Viva la Fiesta!
Originally uploaded by Miss Anthropology. Yes...Fiesta Dinnerware (a.k.a Fiestaware.) The colorful plates produced by the Homer Laughlin China Company of Newell, West Virginia were developed by a one-time Santa Barbarian, Frederick Hurten Rhead, perhaps inspired by the color and spirit of the Santa Barbara Fiesta!
Frederick Hurten Rhead (1880-1942) was born in England to an artistic/potter family but he spent most of his working career in the United States. He emigrated to the States in 1902 and found work in various pottery studios and universities, eventually landing in California at the Arequipa Tuberculosis Sanitarium in Marin County where he instructed patients in the art of pottery.
Rhead moved down the coast in 1913 and started his own pottery studio, The Read Pottery Studio, in Santa Barbara in 1914. He kept the studio open until 1917.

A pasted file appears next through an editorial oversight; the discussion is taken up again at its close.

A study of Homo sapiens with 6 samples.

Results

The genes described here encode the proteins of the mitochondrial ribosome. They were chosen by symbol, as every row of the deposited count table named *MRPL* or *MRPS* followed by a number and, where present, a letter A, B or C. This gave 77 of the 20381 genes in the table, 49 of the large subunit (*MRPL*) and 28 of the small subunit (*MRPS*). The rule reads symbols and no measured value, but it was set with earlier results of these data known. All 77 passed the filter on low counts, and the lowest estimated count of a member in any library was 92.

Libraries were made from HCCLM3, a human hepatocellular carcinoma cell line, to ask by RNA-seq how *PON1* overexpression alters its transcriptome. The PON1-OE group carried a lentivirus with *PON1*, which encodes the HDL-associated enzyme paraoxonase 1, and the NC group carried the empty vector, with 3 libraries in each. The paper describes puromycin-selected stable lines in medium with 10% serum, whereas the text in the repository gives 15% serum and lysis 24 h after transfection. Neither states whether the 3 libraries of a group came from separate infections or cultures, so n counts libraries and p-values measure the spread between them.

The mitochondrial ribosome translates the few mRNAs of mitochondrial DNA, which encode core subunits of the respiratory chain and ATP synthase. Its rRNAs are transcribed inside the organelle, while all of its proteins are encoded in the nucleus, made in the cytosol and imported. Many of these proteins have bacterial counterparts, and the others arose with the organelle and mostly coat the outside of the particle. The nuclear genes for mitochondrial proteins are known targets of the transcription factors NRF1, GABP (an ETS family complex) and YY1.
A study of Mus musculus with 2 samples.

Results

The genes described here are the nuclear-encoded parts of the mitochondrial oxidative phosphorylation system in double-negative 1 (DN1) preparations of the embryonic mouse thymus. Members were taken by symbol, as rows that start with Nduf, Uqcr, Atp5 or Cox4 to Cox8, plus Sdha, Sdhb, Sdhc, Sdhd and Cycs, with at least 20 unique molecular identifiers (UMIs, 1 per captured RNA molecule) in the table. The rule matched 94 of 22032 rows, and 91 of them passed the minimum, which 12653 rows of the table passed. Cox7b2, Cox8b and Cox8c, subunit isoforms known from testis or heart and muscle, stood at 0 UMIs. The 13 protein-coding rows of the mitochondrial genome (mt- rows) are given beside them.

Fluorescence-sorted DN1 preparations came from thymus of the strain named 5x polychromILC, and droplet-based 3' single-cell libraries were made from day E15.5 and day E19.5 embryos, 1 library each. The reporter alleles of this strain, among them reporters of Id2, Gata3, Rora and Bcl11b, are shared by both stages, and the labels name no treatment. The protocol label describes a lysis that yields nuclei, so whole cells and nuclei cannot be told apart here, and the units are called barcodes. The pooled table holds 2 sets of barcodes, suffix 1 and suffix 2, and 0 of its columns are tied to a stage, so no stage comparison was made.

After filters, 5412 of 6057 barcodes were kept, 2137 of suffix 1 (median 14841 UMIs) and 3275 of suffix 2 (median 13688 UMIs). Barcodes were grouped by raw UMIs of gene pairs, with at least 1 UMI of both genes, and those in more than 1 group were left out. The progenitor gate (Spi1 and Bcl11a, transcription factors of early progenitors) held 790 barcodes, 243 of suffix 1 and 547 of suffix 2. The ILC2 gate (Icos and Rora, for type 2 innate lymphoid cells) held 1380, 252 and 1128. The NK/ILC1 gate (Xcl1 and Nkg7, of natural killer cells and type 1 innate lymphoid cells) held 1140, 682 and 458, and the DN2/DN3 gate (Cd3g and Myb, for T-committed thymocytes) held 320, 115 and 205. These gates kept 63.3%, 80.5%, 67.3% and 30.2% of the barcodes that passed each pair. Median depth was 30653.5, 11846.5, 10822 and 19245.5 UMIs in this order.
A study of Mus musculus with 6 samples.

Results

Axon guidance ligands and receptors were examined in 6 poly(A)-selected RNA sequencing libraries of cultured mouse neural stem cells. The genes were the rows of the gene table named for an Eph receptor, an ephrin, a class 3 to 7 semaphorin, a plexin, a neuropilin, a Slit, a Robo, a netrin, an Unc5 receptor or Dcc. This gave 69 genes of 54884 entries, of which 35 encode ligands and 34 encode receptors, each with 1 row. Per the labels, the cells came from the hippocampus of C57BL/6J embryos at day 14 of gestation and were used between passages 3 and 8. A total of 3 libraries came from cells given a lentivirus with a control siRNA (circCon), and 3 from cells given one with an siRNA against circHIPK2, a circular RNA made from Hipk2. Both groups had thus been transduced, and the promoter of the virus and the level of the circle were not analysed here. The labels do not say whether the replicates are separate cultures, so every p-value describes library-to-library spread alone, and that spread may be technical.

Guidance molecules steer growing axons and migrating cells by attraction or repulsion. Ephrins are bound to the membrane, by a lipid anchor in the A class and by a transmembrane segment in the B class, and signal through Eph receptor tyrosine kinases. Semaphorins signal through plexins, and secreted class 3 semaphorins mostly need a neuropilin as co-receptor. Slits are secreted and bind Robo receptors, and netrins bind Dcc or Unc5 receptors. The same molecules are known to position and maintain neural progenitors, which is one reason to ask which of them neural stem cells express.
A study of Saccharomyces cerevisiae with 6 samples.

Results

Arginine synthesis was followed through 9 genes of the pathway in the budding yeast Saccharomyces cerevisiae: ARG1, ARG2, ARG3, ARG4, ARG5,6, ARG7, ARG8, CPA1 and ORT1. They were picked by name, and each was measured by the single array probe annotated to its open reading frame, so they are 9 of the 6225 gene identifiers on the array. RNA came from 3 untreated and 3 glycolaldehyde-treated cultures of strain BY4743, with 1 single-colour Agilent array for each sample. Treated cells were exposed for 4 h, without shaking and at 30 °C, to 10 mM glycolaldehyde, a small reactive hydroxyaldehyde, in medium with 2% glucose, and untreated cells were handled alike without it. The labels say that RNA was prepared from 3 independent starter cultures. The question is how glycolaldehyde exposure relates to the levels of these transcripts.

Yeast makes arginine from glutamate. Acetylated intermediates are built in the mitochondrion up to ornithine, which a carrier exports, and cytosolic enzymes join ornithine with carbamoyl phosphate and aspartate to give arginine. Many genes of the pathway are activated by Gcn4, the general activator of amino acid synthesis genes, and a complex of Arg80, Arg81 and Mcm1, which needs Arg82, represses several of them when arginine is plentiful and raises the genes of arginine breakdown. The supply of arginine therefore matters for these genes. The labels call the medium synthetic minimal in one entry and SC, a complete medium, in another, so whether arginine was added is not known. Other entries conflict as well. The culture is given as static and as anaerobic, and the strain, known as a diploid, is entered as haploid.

In 1927, Rhead was hired as art director of the Homer Laughlin China Company in Newell, West Virginia. And, in the 1930s, Rhead designed an extremely popular line of glazed dinnerware for the company he named Fiesta. He based his design on an Art Deco style and it originally came in five vivid colors (including a very radioactive red.) He wanted the consumer to have the ability to use pieces of different colors to mix and match according to their taste. Rhead, perhaps with a nod to his studio pottery roots, also wanted it to look handcrafted and designed concentric circles inside and out as if they were thrown on a potters wheel.